For nearly four years, James Wellman had been dreaming of this day.

He had spent the early part of the afternoon sitting and waiting in the Hialeah jockeys' room, surrounded by some of the giants of his would-be profession. Before the seventh race, he put on his silks and walked out to the paddock, where the trainer offered a few words of encouragement and some pro forma instructions, and then boosted him onto the back of a filly named Star Rambles.

The 3-year-old had won one of her two career starts, and had shown speed both times. "She'd been taking off really fast in the mornings," Wellman said. "I knew I'd be on the lead." With that assumption, he could easily imagine coasting along on the lead down the backstretch, driving through the stretch, winning in the very first ride of his life. That might be a fanciful dream, but the life of a 17-year-old aspiring to be a jockey is, of necessity, built on dreams.

Wellman grew up in Lexington, Ky., where horses are an integral part of the local culture. When his uncle, trainer Raymond Lawrence, saw that he was unlikely to grow very tall, he encouraged Wellman to think about becoming a jockey. At 13, the ambition took hold of him.

When Lawrence was stabled at the Kentucky tracks, Keeneland and Churchill Downs, Wellman would go to his barn and get the typical indoctrination of a would-be jockey. He rode ponies, then graduated to galloping them, then started getting on thoroughbreds. At 15, he went to work for his uncle full time and joined the backstretch fraternity of exercise riders, the kids like himself who wanted to become jockeys, and the veterans who were either too old or too heavy to ride in competition.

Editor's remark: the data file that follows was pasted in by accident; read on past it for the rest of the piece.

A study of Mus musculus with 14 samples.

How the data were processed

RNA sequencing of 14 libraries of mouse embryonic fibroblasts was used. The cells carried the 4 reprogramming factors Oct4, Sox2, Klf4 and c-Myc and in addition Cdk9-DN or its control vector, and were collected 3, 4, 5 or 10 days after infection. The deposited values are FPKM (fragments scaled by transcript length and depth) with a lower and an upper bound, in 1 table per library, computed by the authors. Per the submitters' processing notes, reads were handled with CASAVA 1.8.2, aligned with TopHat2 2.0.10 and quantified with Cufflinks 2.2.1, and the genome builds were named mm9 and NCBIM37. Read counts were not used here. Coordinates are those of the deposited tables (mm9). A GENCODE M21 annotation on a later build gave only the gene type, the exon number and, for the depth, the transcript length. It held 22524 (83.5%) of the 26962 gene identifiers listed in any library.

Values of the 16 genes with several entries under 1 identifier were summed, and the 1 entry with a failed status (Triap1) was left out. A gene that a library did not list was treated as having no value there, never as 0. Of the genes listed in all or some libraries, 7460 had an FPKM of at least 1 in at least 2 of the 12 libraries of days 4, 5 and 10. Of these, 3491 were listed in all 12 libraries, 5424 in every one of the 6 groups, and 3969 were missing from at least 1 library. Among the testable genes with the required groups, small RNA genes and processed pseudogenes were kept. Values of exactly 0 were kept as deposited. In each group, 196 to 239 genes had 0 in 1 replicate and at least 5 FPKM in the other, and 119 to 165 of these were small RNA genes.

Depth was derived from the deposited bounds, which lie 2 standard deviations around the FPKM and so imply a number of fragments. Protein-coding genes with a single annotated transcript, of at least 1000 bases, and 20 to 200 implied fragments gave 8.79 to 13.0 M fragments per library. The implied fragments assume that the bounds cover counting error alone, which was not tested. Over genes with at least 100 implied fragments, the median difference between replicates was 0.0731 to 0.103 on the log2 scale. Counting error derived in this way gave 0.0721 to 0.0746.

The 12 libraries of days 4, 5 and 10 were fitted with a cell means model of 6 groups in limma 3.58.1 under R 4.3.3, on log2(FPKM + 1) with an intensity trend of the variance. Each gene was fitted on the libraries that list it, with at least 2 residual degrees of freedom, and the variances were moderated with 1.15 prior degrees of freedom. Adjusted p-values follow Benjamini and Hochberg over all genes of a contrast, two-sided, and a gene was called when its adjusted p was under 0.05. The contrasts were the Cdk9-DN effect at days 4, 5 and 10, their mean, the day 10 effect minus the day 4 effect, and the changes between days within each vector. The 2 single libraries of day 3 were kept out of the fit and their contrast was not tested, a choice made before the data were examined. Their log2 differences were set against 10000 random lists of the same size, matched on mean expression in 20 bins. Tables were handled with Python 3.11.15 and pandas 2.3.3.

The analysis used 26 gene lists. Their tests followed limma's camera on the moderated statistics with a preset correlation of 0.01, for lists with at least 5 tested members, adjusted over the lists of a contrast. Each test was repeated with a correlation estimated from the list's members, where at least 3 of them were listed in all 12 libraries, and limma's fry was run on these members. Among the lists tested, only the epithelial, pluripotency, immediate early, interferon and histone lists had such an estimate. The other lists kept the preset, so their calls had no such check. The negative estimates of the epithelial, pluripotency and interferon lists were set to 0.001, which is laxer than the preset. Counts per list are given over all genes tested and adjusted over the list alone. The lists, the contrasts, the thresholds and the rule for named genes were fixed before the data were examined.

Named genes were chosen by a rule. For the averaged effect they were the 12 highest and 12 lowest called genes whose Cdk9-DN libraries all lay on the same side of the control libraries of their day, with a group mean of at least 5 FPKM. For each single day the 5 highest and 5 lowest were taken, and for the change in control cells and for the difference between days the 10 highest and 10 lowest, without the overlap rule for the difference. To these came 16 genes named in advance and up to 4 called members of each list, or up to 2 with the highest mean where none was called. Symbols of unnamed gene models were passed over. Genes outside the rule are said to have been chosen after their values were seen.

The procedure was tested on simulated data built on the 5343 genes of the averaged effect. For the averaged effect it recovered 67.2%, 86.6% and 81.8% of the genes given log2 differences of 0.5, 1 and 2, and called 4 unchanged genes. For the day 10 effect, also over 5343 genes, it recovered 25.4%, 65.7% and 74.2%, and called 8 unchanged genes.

From them, he got daily tutelage, and he welcomed it all. "Everything was tough," Wellman said. "There are so many things you can mess up on." For him, one of the toughest things was learning to come out of the gate sharply. His pal, Bobby Urioste, another of Lawrence's exercise riders, kept drumming it into him: "When you leave the gate, you've got to have control of the horse."

Wellman was understandably impatient to put all these lessons to the test, but whenever he asked Lawrence when he would get to ride in his first race, the trainer would put him off by saying, "Time will tell." The time finally arrived on the afternoon of Jan. 26 at Hialeah.

All the pointers and lessons he had absorbed over the previous four years were swirling through the kid's head as the nine fillies were loaded into the gate. Then the bell rang, the gate sprung open, and it was as if he had forgotten everything.

"What happened was really both of our faults," Wellman said. The filly wasn't quite prepared for the start, as her jockey was pulling too tightly on the reins. "I was pulling on her mouth," he said. "You're supposed to give her all of her head." The result was that Star Rambles came out of the gate last, and didn't get in gear for a couple of strides.

When she did, Wellman's vision of leading all the way was impossible; the filly had a lot of heavy traffic in front of her. Now she accelerated fast, with Wellman steering her inside the rest of the field. He didn't have the capacity, which comes only with years of experience, to survey the rest of the field and try to anticipate who was about to do what. "I was just watching straight ahead," Wellman said.

And so he never saw the beginnings of the chain reaction. Raise Me, the favorite who had broken from post position 7, began to drift left, jostling a filly who jostled another filly who jostled Star Rambles, who bumped the rail. Wellman doesn't remember the next few seconds with any clarity, but from the stands it looked as if he were performing some acrobatic act, or as if he had been shot from a catapult.

Star Rambles staggered as she hit the rail, and sent the rider flying over the rail into the infield. James Wellman's debut as a jockey had lasted all of 15 seconds.

The ambulance picked up Wellman, took him to the first-aid room and then to the hospital, where X-rays disclosed he had suffered a fractured collarbone. They told him he would be out of action for six weeks, but the next day he was at Lawrence's barn again, galloping horses, getting pointers from the other exercise boys and suggesting to the trainer that he would be ready for his second ride very soon.